Bryce Harper tweaks his stance again, searching for comfort


Bryce Harper. (Brad Mills-USA TODAY Sports)

In each of his at-bats in Friday’s game against the Reds, Bryce Harper had a slight variation on his batting stance. In his first at-bat, he returned to his old stance, knees bent and the bat high near his shoulder. In his second at-bat, however, his stance looked like a cross between his old stance and the newer one he had been using when he returned from the all-star break. His third at-bat featured the full new stance, nicknamed “stack and jack,” where Harper stands upright and holds the bat lower near his chest.

Harper went 1 for 4 with a single, a walk and two strikeouts. He is tinkering with his stance because he is trying to pin down what works best. He used the new stance for the first six games after the all-star break and went 7 for 17, but that stretch was capped by an 0 for 4 game with three strikeouts on Wednesday.

“He’s searching,” Nationals hitting coach Rick Schu said. “A lot of hitting is feel and when you’re not feeling good sometimes you make changes. He’s that guy. You see him go up there in different at-bats with different stances and hopefully something clicks for him so he can stick with it.”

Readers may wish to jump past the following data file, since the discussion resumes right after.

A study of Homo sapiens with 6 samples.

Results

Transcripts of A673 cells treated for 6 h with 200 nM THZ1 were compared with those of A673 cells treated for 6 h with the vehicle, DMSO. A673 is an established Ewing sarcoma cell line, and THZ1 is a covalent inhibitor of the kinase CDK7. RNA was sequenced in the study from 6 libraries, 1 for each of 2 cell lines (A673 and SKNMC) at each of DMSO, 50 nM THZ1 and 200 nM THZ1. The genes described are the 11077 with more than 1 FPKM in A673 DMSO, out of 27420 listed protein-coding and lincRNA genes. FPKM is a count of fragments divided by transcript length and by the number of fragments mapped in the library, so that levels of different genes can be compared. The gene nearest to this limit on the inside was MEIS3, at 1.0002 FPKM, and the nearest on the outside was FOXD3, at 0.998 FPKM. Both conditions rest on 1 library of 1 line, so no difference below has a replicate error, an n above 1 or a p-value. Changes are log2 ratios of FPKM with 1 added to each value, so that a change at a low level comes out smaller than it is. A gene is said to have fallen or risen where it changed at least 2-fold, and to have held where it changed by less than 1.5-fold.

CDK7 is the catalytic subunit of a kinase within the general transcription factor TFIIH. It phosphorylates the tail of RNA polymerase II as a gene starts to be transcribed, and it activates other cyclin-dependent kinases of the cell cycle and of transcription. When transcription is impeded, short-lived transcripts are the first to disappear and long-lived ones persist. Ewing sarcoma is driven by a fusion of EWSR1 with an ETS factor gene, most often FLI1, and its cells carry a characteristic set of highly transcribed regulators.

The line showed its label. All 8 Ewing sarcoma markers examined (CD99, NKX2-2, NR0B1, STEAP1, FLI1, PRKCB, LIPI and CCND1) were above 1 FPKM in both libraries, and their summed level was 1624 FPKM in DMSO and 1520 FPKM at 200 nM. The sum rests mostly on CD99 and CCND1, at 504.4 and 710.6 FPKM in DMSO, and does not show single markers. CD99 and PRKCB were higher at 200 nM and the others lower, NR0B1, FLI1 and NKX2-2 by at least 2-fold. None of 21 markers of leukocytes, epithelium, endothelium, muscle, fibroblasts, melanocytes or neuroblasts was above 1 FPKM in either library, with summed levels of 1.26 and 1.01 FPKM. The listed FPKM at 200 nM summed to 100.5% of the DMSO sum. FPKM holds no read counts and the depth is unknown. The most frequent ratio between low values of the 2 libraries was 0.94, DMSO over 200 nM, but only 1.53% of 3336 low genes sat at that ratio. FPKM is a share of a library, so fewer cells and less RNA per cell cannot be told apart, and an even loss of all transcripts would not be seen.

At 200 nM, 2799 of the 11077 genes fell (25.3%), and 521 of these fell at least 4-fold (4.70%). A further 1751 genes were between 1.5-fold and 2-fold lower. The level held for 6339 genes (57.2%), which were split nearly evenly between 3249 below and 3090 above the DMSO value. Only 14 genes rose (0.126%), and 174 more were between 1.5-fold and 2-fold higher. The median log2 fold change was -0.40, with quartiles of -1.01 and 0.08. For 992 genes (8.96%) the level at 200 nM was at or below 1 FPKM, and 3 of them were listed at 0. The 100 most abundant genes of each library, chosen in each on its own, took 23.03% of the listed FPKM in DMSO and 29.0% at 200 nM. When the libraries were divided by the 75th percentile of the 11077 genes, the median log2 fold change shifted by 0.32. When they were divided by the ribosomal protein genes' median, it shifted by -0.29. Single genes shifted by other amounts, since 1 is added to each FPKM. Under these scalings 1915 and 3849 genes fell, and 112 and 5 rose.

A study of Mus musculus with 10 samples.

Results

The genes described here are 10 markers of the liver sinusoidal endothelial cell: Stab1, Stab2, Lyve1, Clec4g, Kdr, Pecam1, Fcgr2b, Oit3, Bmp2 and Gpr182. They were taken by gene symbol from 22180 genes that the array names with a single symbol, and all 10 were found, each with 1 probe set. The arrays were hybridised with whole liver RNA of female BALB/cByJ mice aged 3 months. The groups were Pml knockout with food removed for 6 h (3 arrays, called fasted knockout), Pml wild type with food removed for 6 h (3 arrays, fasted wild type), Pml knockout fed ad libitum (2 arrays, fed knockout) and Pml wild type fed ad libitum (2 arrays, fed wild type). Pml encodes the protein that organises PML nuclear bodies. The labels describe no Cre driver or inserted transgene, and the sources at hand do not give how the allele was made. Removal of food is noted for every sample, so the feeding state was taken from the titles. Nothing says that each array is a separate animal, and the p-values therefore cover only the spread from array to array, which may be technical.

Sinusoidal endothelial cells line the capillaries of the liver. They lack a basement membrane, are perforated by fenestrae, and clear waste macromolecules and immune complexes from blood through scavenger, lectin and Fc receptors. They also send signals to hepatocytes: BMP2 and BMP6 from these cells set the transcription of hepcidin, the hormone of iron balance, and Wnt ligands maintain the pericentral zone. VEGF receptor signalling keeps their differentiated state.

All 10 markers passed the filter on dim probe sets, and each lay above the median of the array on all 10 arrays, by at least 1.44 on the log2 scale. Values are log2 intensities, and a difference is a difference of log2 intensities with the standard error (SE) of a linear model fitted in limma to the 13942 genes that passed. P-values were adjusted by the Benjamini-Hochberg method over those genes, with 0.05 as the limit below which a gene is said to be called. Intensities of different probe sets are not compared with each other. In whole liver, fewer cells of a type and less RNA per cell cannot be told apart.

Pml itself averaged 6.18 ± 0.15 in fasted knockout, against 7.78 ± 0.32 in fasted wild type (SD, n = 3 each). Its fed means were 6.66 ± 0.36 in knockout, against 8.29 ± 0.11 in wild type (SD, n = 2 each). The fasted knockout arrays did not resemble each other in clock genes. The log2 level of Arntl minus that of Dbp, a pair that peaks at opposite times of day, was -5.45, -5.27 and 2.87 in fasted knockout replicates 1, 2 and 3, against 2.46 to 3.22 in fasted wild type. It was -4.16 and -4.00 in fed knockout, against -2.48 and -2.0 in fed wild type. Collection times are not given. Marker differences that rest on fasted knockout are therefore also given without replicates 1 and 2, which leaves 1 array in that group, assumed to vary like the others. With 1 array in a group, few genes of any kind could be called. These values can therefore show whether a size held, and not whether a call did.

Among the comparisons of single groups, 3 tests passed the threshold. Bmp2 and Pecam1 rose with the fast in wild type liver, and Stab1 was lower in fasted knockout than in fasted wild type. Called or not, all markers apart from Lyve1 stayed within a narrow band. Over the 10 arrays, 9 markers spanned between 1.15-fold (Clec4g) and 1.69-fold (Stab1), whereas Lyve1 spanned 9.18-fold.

Before Saturday’s game, Harper and Schu watched video of Harper’s stance and home runs in 2012. Schu gave Harper tips but urged him, more than anything, to find his most comfortable position.

“He’s just trying too hard,” Schu said. “[Ryan Zimmerman] goes down and he’s like our guys who try to do it all and put the team on their back. He just needs to go out and barrel balls.”

Players make minor tweaks to their swings and stances throughout the season but Harper, according to Manager Matt Williams, gets more attention for his changes because of who he is. When healthy and in a groove, Harper is perhaps the team’s most dynamic hitter. But he has yet to find a comfortable and consistent rhythm since he returned from the disabled list on June 30.

“It’s feel,” Williams said. “Often times you make adjustments within an at-bat. Depends on how you’re seeing it and what the guy is throwing you, how you feel at the plate, how your batting practice went that day, what success you’ve had over the last three or four days. The good thing is that he’s thinking about the adjustments he needs to make.”

James Wagner joined the Post in August 2010 and, prior to covering the Nationals, covered high school sports across the region.